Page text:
Sunday, October 4, 2009

Prepaid tuition woes?

The New York Times reports:
In the last two decades, more than a million families around the country have invested in state funds that pledged to cover the cost of attending their state’s public colleges and universities, regardless of how much tuition increased.

But in the last year, the stock market slump and rising college costs have combined to drive all but two of the nation’s 18 such funds, known as prepaid college savings plans, into the red, jeopardizing those pledges.
One of my favorite Kentuckians read that and asked "Is KAPT in trouble?" I looked, and here's what I found.

First, the background. KAPT is Kentucky's Affordable Prepaid Tuition Plan, which started in 2000 but has not taken new enrollments since 2005. KAPT offered three plans, designed to keep up with inflation on tuition at KCTCS, public universities, and in-state private schools, respectively. The Plan's assets consist of money families paid into educate their children, plus money earned by investing those dollars, and its liabilities consist of the obligation to pay tuition when those children are ready for school. The Kentucky Higher Education Assistance Authority administers the Plan.

Then, some numbers. The KHEAA audited financial statement shows that on June 30, 2008, KAPT had:
  • $145 million in assets, including $130 million in investments.
  • $181 million in liabilities.
  • $36 million as its resulting deficit.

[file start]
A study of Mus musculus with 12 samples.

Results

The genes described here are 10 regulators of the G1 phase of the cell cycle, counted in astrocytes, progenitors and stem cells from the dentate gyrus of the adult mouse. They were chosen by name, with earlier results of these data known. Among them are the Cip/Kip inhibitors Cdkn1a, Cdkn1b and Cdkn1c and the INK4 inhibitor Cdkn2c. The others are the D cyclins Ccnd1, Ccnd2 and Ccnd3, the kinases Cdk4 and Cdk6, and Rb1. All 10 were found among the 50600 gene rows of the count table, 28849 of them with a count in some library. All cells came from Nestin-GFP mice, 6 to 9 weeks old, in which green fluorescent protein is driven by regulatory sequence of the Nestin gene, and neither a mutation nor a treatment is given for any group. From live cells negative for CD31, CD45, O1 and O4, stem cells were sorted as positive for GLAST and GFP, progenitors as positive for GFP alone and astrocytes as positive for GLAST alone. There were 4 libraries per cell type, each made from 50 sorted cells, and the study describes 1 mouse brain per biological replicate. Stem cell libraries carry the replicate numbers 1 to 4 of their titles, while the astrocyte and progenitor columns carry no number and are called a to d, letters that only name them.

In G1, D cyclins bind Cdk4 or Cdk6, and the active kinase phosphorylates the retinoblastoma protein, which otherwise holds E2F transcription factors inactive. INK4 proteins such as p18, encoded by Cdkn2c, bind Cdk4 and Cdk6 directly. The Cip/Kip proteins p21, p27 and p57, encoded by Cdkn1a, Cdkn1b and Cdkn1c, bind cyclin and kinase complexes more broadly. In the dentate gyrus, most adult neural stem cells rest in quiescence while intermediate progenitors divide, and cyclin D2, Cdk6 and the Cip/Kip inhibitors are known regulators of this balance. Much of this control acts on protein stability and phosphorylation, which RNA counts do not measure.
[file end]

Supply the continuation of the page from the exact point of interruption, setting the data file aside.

Shorter investment performance reports of "assets under management" since that date show:
  • $ 131 million on June 30, 2008.
  • $121 million on September 30, 2008.
  • $103 million on December 31, 2008.
  • $96 million on March 31, 2009.
  • $103 million in assets as of June 30, 2009.
Of course, KAPT exists to pay tuition when the participants need it. Over the long-term, if the Plan doesn't enroll new beneficiaries, its assets should eventually be paid out. In fiscal 2007, KAPT paid out $10 million in tuition, and in fiscal 2008, that rose to $15 million. During fiscal 2009, the amount likely rose again as more participants reached college-age.

And yet, given the recession and what's happened to investments nationwide, I suspect that's not the main reason the assets dropped.

The 2009 fiscal year ended June 30, 2009, so a full KHEAA financial statement for that period should be out soon, offering a clearer sense of how serious the deficit has become.

Source note: the KAPT website offers both the KHEAA financial statement and the investment performance reports.